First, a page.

Living & loving the Caribbean lifestyle, with James Fuller
“Yuh can only be late once,” my friend said, peering across the table at me. He raised his eyebrows with slow confidence as if to say ‘you know I’m right’. “Yuh not late till you reach,” he added, driving home his point.
Having said I’d head home from a boys-only curry duck lime at 9pm, I had been signalling my intent to get away for the past hour. Each declaration had been met with supreme indifference and not a little bemusement. My attitude was perplexing to all assembled. I’d become used to this. Arriving in Trinidad from England years ago, I’d regarded the Caribbean’s famed relaxation about all matters time as nothing more than a well-worn cliché. My initiation was swift.
A couple of days after touching down at Piarco International Airport, a family beach trip had been organised, departure 10am the next day. Next morning I decided to get into the laissez-faire spirit of things, and plonked myself on a chair by the door in readiness at a devil-may-care 10.01am.
And so the waiting began. I lost track of the times I applied and re-applied suntan lotion, checked and re-checked my beach bag, polished and re-polished my sunnies, velcroed and re-velcroed my sandals.
But ‘all through the house not a creature was stirring, not even a mouse’. I was beginning to feel distinctly lonely.
My sister-in-law appeared around 11am, still in her pyjamas, sporting magnificent bed-head hair, and set about cooking what looked suspiciously like a five-course meal. “A little something for the beach,” she beamed.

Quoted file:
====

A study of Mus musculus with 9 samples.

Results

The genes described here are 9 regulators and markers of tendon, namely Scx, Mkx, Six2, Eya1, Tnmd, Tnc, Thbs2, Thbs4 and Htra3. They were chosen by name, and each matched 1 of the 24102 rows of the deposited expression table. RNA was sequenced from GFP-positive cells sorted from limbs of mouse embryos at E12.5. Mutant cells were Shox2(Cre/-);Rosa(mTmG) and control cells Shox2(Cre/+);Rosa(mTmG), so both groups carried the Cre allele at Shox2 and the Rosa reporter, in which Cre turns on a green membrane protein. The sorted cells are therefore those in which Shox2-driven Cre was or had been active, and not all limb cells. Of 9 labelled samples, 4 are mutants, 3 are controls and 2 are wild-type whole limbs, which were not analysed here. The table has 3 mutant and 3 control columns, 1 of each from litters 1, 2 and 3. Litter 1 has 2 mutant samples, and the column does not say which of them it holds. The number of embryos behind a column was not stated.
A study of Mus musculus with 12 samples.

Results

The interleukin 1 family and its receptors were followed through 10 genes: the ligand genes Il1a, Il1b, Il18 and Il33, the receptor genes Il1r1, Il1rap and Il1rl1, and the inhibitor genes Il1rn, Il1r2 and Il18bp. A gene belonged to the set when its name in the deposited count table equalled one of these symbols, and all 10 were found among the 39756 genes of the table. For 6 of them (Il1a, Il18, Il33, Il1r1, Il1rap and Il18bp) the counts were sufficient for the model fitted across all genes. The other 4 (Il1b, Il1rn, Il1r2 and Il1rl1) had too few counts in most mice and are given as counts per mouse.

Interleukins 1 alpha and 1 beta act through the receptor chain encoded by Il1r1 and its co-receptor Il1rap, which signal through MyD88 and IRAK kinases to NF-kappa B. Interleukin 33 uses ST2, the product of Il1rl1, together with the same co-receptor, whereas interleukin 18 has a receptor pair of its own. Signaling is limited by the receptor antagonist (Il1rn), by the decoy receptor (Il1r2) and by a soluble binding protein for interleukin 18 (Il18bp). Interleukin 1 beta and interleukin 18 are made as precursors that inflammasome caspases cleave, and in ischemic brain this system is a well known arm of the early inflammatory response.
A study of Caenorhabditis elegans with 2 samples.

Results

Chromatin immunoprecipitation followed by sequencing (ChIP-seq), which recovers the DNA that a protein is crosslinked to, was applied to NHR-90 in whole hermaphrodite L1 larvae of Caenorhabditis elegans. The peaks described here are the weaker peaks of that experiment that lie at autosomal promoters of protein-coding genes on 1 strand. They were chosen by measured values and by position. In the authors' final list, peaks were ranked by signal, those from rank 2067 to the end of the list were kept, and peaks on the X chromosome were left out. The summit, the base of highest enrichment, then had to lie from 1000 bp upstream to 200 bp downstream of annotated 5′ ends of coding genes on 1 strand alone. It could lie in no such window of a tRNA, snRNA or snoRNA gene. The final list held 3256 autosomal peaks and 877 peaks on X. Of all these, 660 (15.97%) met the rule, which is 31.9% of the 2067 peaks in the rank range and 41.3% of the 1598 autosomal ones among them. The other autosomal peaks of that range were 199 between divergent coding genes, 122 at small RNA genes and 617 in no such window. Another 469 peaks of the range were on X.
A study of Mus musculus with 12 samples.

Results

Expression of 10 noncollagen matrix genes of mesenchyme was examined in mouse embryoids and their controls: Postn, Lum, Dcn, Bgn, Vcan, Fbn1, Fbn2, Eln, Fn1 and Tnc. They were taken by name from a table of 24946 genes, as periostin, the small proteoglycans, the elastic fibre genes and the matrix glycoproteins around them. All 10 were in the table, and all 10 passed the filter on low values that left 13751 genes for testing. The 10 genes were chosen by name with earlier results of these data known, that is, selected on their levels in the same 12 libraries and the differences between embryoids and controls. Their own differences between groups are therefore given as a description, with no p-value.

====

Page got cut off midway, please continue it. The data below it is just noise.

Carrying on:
“Oh – OK,” I grimaced, my new-arrival bonhomie sinking fast.
In days of old, stewardesses on international flights landing at their destinations would make passenger announcements like: “Welcome to London – please put your watches back one hour.” As I sat on my chair regarding my sandals, I imagined an alternative version: “Welcome to Trinidad – please put your watches… well, it doh really matter.”
We left a little after 1pm.
Over the years, and as a way of lessening my own personal torment, I’ve learned to look out for trigger phrases amongst my friends and family, and translate what they actually mean. “Ah leavin now” (I forgot I was meeting you); “Ah get tie up in a lil traffic nah” (I’m just getting dressed); “Yeah, ah at de top ah de road” (I’m just leaving); “Yeah man, ah get held back at work” (I’m in a bar); “Ten minutes” (universal ETA; expect arrival between half-an-hour and three hours, but never ten minutes); “It have plenty rain on dis side boy” (I’m not coming).
I’ve learned to accept this as just the way it is. Timings are an indication not an obligation. ETAs are flexible – that’s understood. Cast iron appointments are flexible – that’s also understood. Strategies are developed, of course. For Christmas events, families are told to arrive for 3pm when the intention is not to serve food until 5pm. Sure enough, the main body of guests will arrive around 4.30pm, and all is well. In cricket matches, it’s even an established tactic. If you fear the opposition, or are already in a bad position in a multi-day game, just turn up late. The sun is going down just after 6pm, come what may, so take some time out of the game – less time to take licks.
An old friend of mine, sadly no longer with us, never bought a watch in his entire life, maintaining he had no need for one. You can imagine what scheduling get-togethers with him was like. It was best just to travel to a place where you knew he would be rather than complicate matters. Rumours that he’d be late for his own funeral turned out to be untrue – but I can hear his rich, resonant chuckle at the prospect.